Research Bits: June 5

Improving memristors; organic electrochemical transistors; high-speed thin-film lithium niobate quantum processor.


Improving memristors
Researchers at Los Alamos National Laboratory (LANL) have demonstrated a reliable Interface-type (IT) memristive device (memristor) that shows promise as a technique for building artificial synapses in neuromorphic computing.

The team made its memristor — a component that which combines memory and programming functions — using a simple Au/Nb-doped SrTiO3 (Nb:STO) Schottky structure that overcomes some of the issues with IT memristors that use oxygen ions. The IT memristor had high repeatability, stability, and low device-to-device, cell-to-cell, and cycle-to-cycle variability during endurance and retention tests. An artificial neural network that the researchers simulated with Au/Nb:STO synapses was able to recognize images from the Modified National Standards and Technology database maintained by the National Institute of Standards and Technology (NIST) at an 94.7% accuracy rate.

The researchers’ paper is open access.

Kunwar, S., Jernigan, Z., Hughes, Z., Somodi, C., Saccone, M.D., Caravelli, F., Roy, P., Zhang, D., Wang, H., Jia, Q., MacManus-Driscoll, J.L., Kenyon, G., Sornborger, A., Nie, W. and Chen, A. (2023), An Interface-Type Memristive Device for Artificial Synapse and Neuromorphic Computing. Adv. Intell. Syst. 2300035.

Organic electrochemical transistors
In an attempt to mimic the computing efficiency of biological nervous systems and cut down the noise in biological sensors, researchers have been working on organic electrochemical transistors (OECTs), which are transistors with a bulk field effect that can operate at low Hertz and in saline environments — which is what you find in the biological systems.

Researchers at Xi’an Jiaotong University in China, the University of Hong Kong, and Xi’an University of Science and Technology say they have designed an OECT that is capable of sensing, memory, and processing. (The co-location of the three functions is much more efficient than a silicon hardware in energy use and area.) Their OECT uses a vertical traverse architecture (v-OECT) and electrode process and can switch between the sensing and processing modes with doping a crystalline–amorphous channel with ions to achieve a volatile receptor or a non-volatile synapse. When a receptor, its sensing is multi-modal. The researchers say the OECTs can sense ion concentration changes in plants and record the electrocardiogram (ECG) signals, temperature sensations, gustation, and artificial vision. When the OECT is a non-volatile synapse, the researchers say it can “offer 1,024 (10-bit) distinct states, wide dynamic range and state retention of more than 10,000 s.”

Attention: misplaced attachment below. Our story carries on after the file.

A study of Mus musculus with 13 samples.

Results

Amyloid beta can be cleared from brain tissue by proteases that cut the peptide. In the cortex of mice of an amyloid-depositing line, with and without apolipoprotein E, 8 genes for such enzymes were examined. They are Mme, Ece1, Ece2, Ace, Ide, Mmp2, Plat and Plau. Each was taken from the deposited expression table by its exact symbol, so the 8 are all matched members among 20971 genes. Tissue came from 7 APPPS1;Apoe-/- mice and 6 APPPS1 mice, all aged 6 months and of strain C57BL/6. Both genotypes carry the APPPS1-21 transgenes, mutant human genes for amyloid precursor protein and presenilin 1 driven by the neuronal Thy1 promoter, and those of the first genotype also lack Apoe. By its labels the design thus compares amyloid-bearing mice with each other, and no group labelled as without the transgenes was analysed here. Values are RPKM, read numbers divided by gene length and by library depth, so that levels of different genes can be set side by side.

Wang, S., Chen, X., Zhao, C. et al. An organic electrochemical transistor for multi-modal sensing, memory and processing. Nat Electron 6, 281–291 (2023).

For a good introduction to OECTs and why this type of transistor performs better in biological signal sensing, see this presentation from the 2019 ARM Research Summit by Cambridge University’s Chris Proctor.

High-speed thin-film lithium niobate quantum processor
Researchers at University of Copenhagen and University of Muenster have had success experimenting with a high-speed and reconfigurable quantum photonic processor using single-crystal thin films of lithium niobate — LiNbO3 (LN) — that are bonded on a silica-insulating substrate consisting of lithium niobate on insulator (LNOI). The reconfigurable LNOI quantum photonic processor controls the quantum states of light emitted from a quantum dot (QD) single-photon source (SPS).

Several qualities of the LN make it useful. LN has strong electro-optical properties, high transparency, high index contrast, and can handle cryogenic temperature.  The LN can keep the ICs smaller and able to handle gigahertz.  The researchers proposed an LNOI platform for photonic / quantum interface. Part of their experiment was to integrate fast phase shifters on the LNOI platform the quantum emitter wavelengths. The researchers generated photons that were processed with low-loss circuits programmable at speeds of several gigahertz and demonstrated an on-chip photon router for the QD-emitted photons.

Photonics used in quantum computing may help make quantum hardware scalable. Photonics are hoped to make long range quantum networks possible, serve as interconnects between more than one quantum device, and be used as large-scale circuitry for quantum computing and simulation.

Patrik I. Sund et al, High-speed thin-film lithium niobate quantum processor driven by a solid-state quantum emitter, Science Advances (2023).